As the debate over health care reform continues in Congress, frustration continues to build up on all side of the debate. Congressional Republican leadership would like to see a quick resolution and passage of their legislation. Hardcore opponents of Obamacare want to see the bill repealed and replaced with something better. And Democrats are fighting tooth and nail to maintain one of the key achievements of President Obama’s tenure. But if passing legislation is just a matter of getting enough votes behind your position, why is it taking so long?
Concentrated Benefits, Distributed Costs
The major problem with trying to reform or repeal just about any government program is that the benefits of those programs accrue to a relatively small number of people, while the costs are distributed over a large number of people, many of whom may not even notice it.
If every American had to pay $1 more per month in taxes, most would hardly notice it. But that’s near $3.9 billion in extra tax payments. Now imagine that that money goes to 1,000 different companies who benefit from some government program. That’s $3.9 million per company. Now imagine that Congress wants to cut that program. All 1,000 companies will lobby Congress to say how vital the program is to their business. How many Congressmen do you think would want to go on record saying that they’ll vote to eliminate a program that helps 1,000 businesses? Not very many.
Of the 320 million people in the United States, how many do you think will contact Congress demanding to cut that same program to cut their tax bill by $1 per month? Probably very few. Their voices won’t be nearly as loud or as focused as the companies that benefit from the program because the cost of the program to them just isn’t that much.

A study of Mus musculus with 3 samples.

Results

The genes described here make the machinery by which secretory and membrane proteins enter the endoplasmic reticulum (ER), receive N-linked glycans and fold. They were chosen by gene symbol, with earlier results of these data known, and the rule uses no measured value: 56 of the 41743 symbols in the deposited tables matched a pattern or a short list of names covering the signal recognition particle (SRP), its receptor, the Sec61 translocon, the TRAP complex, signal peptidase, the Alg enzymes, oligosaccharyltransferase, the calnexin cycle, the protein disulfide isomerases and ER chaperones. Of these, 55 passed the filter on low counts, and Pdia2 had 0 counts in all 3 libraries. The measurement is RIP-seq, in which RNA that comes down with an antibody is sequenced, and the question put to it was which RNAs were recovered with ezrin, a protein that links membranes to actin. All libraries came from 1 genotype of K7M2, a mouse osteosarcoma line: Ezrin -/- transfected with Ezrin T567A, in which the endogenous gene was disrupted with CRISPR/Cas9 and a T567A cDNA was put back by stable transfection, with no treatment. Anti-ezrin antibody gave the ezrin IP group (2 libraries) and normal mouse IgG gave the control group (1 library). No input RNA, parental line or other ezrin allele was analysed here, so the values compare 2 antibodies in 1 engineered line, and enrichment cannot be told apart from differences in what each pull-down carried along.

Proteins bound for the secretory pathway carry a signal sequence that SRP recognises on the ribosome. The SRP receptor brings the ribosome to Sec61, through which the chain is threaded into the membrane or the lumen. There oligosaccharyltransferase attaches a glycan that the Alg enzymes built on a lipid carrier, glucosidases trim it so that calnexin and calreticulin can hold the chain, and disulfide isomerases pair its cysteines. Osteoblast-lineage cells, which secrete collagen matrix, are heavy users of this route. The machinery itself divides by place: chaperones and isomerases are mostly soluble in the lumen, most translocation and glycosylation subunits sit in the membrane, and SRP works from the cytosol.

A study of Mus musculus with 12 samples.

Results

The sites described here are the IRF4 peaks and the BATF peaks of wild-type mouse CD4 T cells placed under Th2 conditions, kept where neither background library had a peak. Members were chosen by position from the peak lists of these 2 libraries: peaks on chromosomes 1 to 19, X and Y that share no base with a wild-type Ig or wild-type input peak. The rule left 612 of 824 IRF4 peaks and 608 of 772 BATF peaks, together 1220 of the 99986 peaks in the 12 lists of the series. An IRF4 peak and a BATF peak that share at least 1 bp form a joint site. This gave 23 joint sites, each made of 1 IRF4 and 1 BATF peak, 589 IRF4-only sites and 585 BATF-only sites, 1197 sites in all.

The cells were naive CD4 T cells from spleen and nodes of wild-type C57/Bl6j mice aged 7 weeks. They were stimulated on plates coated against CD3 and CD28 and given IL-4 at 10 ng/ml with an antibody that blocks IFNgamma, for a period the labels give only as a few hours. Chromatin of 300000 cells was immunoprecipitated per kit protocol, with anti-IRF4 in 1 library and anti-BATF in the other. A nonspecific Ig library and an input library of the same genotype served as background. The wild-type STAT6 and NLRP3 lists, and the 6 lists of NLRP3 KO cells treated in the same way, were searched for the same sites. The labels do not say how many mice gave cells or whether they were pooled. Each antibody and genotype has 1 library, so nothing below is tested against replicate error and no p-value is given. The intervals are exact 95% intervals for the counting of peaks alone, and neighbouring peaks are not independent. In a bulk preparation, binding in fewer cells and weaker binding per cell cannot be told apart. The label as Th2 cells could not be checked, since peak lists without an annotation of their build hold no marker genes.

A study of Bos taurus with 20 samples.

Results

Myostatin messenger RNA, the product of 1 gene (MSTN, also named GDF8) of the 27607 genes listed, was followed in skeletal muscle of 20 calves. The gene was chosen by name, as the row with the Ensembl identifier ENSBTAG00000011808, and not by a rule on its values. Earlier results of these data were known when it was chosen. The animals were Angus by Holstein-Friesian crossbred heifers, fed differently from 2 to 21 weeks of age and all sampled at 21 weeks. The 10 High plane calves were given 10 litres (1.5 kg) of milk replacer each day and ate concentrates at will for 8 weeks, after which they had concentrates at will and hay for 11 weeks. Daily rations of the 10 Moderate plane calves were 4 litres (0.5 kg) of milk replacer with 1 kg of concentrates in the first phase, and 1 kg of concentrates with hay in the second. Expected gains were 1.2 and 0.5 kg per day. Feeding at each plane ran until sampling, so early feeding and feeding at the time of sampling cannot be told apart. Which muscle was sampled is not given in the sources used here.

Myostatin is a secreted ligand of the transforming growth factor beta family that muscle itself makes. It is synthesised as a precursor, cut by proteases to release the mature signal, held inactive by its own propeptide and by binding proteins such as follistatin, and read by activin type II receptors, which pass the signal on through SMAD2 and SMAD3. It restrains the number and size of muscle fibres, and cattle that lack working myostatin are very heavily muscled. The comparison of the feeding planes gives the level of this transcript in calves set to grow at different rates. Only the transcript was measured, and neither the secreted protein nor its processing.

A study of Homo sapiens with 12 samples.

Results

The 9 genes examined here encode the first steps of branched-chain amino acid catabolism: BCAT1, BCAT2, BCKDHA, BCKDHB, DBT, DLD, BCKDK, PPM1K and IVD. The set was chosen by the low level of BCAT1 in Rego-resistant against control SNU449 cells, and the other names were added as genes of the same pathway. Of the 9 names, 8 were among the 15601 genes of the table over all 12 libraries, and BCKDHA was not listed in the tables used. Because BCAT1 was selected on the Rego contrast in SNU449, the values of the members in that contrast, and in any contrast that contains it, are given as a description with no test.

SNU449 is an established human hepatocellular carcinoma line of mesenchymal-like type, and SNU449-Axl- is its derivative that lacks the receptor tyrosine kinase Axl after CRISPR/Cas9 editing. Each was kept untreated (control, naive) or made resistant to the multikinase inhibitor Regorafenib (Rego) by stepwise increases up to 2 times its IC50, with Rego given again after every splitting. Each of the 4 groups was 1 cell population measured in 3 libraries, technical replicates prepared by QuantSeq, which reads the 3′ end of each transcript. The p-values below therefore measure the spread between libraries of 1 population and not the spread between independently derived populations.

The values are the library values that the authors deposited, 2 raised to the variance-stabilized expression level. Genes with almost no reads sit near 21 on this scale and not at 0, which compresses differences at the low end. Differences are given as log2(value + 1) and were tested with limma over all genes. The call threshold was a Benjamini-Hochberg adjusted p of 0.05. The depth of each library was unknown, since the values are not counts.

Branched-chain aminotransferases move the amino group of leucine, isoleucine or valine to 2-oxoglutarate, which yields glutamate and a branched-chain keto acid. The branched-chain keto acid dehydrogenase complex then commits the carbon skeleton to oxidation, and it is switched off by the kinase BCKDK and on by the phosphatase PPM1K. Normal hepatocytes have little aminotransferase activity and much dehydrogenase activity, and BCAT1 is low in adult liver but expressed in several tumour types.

Of course, most government spending operates like this, adding incremental amounts to the budget to gain votes or support from key constituencies while spreading the costs over the whole country. But eventually, those individual increases start to add up. A few billion here and a few billion there and pretty soon you’re talking real money.
Obamacare and Social Security
In the case of Obamacare, the benefits are to the millions of people who couldn’t get health insurance either because they couldn’t afford it or because they had pre-existing conditions. The costs for those people to get insurance are then placed on the hundreds of millions of others who already had health insurance. But when it comes to trying to reform the health care system, one side will point out heart-wrenching stories of children with severe illnesses whose families risk losing their health care if Obamacare is repealed, while the other side points out rising health care premiums that will cost families thousands or tens of thousands of dollars more per year. Guess which side will win that battle of the heartstrings?
Social Security is much the same. The people who are reliant on Social Security are often low-income retirees. Cutting their benefits would in many cases mean that they would have to cut back significantly on food, housing, or medical care. On the other hand, the fiscal problems with Social Security will require younger workers to pay higher taxes in the future in order to keep the current level of benefits. Again, the benefits of Social Security are concentrated among a smaller number of people while the costs are spread out.
That is why it is next to impossible to get any real reform of any government program. As soon as you try, those who benefit from the program complain about the harm it will cause them. Those who are harmed by the program are too widely dispersed to mount an effective campaign, and so things go on as they always have. The lesson, then, is that if you want to make any successful effort at reform you have to minimize the impact to the people who stand to lose out from reform measures and galvanize those who are currently being impacted negatively to make their voices heard.